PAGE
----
Thursday, May 5, 2016

Invading South Korea

Starved of food, , and in its desperation threatens an invasion of its South Korean neighbours.

Reports from the country reveal Kim Jong-un has built a replica of the South Korean presidential palace to train his troops for an invasion as tensions escalate.

And with America pledged to defend the South in case of attack, the West faces a war that will cost $1billion to fight and cause $1trillion worth of damage.

Former Whitehouse adviser Victor Cha described how a North Korean invasion would play out in his book, The Impossible State. 
Special forces would invade first in a series of predawn airdrops and shore landings, sabotaging power stations, communication networks and bridges in order to "paralyse the population".

Then "the largest artillery force in the world" would pound the South Korean capital Seoul with shells at a rate of 500,000 per hour — leaving its people only 45 seconds to take cover.

An arsenal of 600 chemically-armed missiles would cripple airports, making escape impossible, while 100 more trained on Japan would slow the arrival of US reinforcements.

Any forces that do attempt to cross the Tsushima Strait into the South face waters infested with Kim's submarines, all of them told to torpedo American supply ships.

In the meantime 700,000 North Korean troops and 2,000 tanks would pour across the border, with invasion tunnels discovered as deep as 475ft down — some capable of shifting 30,000 fighters an hour.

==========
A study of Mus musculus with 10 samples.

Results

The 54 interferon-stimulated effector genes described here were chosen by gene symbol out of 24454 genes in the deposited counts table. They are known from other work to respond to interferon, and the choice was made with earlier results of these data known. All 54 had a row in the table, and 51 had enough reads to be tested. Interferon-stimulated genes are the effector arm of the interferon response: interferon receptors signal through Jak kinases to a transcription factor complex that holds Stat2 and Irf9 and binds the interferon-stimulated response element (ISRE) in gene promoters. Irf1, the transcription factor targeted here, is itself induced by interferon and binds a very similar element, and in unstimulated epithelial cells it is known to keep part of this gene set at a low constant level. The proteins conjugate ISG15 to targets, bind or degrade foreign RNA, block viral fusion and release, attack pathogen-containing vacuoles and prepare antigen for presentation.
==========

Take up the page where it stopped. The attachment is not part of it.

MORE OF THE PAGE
With millions fleeing, the road networks would be impassable, leaving defensive forces helpless as the enemy races across the 50 miles between the border and the capital.

And the battlefield would be polluted with up to 5,000 metric tons of chemical agents, including nerve gas, mustard gas, choking and vomiting agents, and perhaps even weaponised diseases.

It would take South Korea and its American allies several days to neutralise the enemy artillery, his book reveals, leaving hundreds of thousands dead.

He writes: "Short of dropping tactical nuclear weapons on the battlefield it would be impossible to neutralise all of this without the North first inflicting major damage on Seoul."

Ultimately superior technology means the US and South Korea would win, "but not without four to six months of high-intensity combat and many dead," says Mr Cha.

 The obsolescence of DPRK equipment and training does not mean they are rendered harmless.

"No matter how old the gun or artillery system is, it can still fire on Seoul and do damage — [but] it does mean they will ultimately be defeated by US-ROK combined forces."


sykes.1 said...

China will participate in any war on the Korean peninsula, and that will guarantee a win for the North. There will be no repeat of the Pusan perimeter or the Inchon landings.